A Crazy Debt Repayment Rule Just Cost Revlon $900 Million


The outcome is fascinating as an instance of strict judicial rule following. As Furman framed his opinion, the legal rule was clear: Under New York law, a creditor can keep a mistaken payment as long as he has “no knowledge” that it was sent in error.

The case then came down to a question of fact: whether the creditors knew they were getting paid by mistake at the moment they got the payment. After hearing witness testimony, Furman concluded they did not. From there, it followed that they could keep the money.

Seen from the perspective of common sense, the result is (I think) absurd. But the fault lies not in the judge’s application of the binding legal rule. It lies in the rule itself, at least as applied to sophisticated financial institutions. It makes almost no sense to focus on the magic moment of receipt of funds in deciding whether the courts should be able to rectify a mistake. The New York State courts, who adopted the rule, should re-think it.

As I explained in detail when I wrote about the case in December, the case pitted the so-called “discharge for value” rule — that you can keep the money you received if it was owed to you — against the rule that a mistaken payment is usually repayable to the party who made it.

Here, the core issue was the state of mind of the recipients of the funds. Furman’s opinion emphasized that the recipients got exactly what they were owed, to the penny. It wasn’t a situation where an interest payment was due and then more arrived, which might have led them to suspect an error immediately. Instead, no payment was due — and the amount that came was exactly the amount that would settle the debt. There was also litigation brewing over the payments, which further led the recipients to think that Revlon had simply decided to pay them off.

I was intrigued and surprised to learn that the recipients actually thought they were being paid off. I closed my December column by predicting incorrectly that they must have known the payments were in error. As Sherlock Holmes once put it, “It is a capital error to theorize before one has data.”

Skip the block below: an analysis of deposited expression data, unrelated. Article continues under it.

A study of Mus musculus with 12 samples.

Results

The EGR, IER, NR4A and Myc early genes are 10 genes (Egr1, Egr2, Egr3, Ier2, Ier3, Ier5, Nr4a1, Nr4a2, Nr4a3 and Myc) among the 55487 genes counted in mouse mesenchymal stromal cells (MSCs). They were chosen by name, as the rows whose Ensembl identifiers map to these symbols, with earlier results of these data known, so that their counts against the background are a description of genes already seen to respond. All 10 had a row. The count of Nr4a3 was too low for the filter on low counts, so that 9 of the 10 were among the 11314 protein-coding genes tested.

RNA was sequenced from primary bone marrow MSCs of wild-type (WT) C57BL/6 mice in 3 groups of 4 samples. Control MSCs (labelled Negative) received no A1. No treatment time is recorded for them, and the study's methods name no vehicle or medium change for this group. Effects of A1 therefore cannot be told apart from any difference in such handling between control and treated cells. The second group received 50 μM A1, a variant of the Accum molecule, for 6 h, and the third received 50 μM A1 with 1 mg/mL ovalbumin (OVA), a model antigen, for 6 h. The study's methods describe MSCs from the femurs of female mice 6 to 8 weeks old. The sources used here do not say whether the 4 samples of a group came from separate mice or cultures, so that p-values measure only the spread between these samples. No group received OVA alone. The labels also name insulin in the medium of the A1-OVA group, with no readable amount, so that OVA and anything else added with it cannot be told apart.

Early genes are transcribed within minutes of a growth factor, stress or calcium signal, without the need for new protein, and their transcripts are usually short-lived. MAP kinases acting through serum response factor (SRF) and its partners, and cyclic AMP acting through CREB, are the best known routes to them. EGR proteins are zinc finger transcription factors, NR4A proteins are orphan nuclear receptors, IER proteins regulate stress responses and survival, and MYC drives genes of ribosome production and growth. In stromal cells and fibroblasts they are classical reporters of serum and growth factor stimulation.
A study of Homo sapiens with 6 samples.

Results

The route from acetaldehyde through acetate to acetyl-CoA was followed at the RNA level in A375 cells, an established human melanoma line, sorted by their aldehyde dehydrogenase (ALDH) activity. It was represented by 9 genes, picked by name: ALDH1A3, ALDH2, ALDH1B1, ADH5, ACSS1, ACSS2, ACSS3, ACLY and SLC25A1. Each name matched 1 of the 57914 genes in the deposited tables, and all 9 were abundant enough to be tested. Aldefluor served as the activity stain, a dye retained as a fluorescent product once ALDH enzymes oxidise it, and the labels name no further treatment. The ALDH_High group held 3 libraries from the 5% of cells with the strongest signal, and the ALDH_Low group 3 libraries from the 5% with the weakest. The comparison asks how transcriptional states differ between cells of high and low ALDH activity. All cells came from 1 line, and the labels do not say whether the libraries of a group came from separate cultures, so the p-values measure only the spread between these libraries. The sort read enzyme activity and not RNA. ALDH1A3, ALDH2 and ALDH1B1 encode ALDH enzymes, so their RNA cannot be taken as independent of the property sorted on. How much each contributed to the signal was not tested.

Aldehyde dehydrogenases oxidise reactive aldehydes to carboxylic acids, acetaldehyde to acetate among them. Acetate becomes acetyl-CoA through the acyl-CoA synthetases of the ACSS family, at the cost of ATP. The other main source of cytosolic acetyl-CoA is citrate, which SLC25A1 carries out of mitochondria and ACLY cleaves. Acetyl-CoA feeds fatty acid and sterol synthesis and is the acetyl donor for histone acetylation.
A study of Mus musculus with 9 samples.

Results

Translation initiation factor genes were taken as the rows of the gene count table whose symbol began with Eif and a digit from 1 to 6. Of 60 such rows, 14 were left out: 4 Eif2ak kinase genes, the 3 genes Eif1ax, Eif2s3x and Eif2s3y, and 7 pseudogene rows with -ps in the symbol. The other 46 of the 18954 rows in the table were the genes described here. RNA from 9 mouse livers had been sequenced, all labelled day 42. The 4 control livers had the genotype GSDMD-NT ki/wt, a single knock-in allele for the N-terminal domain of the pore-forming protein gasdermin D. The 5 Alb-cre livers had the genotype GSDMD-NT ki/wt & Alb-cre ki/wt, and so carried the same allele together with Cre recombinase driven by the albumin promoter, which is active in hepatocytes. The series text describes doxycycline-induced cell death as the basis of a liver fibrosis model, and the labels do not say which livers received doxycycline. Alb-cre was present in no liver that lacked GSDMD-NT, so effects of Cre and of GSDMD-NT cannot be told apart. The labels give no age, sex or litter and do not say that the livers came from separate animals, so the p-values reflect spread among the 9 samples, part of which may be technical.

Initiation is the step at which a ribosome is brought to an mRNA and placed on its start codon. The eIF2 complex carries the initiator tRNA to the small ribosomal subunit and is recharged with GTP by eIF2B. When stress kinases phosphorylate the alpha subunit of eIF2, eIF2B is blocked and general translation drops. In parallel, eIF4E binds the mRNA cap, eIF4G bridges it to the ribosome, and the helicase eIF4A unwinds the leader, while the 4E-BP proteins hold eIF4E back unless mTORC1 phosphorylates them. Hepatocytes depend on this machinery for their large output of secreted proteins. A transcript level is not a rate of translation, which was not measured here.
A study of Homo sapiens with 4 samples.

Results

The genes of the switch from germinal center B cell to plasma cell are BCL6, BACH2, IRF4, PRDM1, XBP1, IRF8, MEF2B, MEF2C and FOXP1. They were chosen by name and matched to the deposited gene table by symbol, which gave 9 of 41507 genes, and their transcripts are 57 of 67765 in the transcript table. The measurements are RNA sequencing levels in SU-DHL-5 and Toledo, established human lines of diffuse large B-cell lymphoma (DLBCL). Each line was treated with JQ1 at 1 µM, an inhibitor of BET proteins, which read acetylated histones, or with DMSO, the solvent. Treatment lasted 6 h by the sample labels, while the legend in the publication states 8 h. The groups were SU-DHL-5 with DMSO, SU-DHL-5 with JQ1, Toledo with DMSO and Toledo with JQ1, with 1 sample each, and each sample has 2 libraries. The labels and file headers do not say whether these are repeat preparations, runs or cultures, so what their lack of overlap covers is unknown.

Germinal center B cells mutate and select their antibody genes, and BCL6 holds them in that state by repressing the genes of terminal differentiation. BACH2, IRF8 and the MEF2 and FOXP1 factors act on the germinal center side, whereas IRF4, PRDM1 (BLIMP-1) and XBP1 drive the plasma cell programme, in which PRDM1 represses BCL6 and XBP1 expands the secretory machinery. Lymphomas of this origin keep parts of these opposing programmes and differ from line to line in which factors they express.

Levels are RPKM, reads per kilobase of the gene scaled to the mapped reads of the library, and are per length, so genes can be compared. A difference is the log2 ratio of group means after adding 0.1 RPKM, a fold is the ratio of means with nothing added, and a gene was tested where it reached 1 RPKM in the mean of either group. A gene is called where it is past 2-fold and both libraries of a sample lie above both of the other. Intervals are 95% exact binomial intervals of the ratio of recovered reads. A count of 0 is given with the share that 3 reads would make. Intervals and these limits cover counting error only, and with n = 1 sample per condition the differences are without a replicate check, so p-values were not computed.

Yet the result, while legally correct and (on the facts) unassailable on appeal, shows that the rule makes little sense for sophisticated financial actors, or for an era in which vast sums can be transferred with a keystroke. Between receiving the funds and discovering they had been paid in error, nothing cosmic happened to the recipients. Practically speaking, they would not have been inconvenienced by paying the money back. Morally, they should have done so.

But trial court judges don’t make the law. They apply it. That’s as it should be. Given the law and the facts, the court here reached just about the only decision it could.

Appellate courts, however, can change the rules. New York State’s Court of Appeals, as the highest court in the state is known, should in the future revisit the discharge for value rule, at least as applied to big banks. So much of the industry of payments and clearing takes place in New York that the rules should favor morality and common sense, not formalism.  A revised rule should say that creditors can keep mistaken payments only if they have relied on their belief that the money is theirs, making returning the payment a problem.

Meanwhile, the takeaway is that the rule of law, formally applied, sometimes produces silly results. When that happens, judicial institutions should have the flexibility to change and improve the law. Absurd results can be understood as a price we all pay for having the rule of law in the first place. But such results should not be allowed to remain in place for long. Otherwise the rule of law can discredit the law itself.

Just for appellate law geeks: on appeal in this case, the U.S. Court of Appeals for the Second Circuit could, just conceivably, revise its own precedent interpreting New York State law. But that would take some serious legal creativity.

This column does not necessarily reflect the opinion of the editorial board or Bloomberg LP and its owners.

Noah Feldman is a Bloomberg Opinion columnist and host of the podcast “Deep Background.” He is a professor of law at Harvard University and was a clerk to U.S. Supreme Court Justice David Souter. His books include “The Three Lives of James Madison: Genius, Partisan, President.”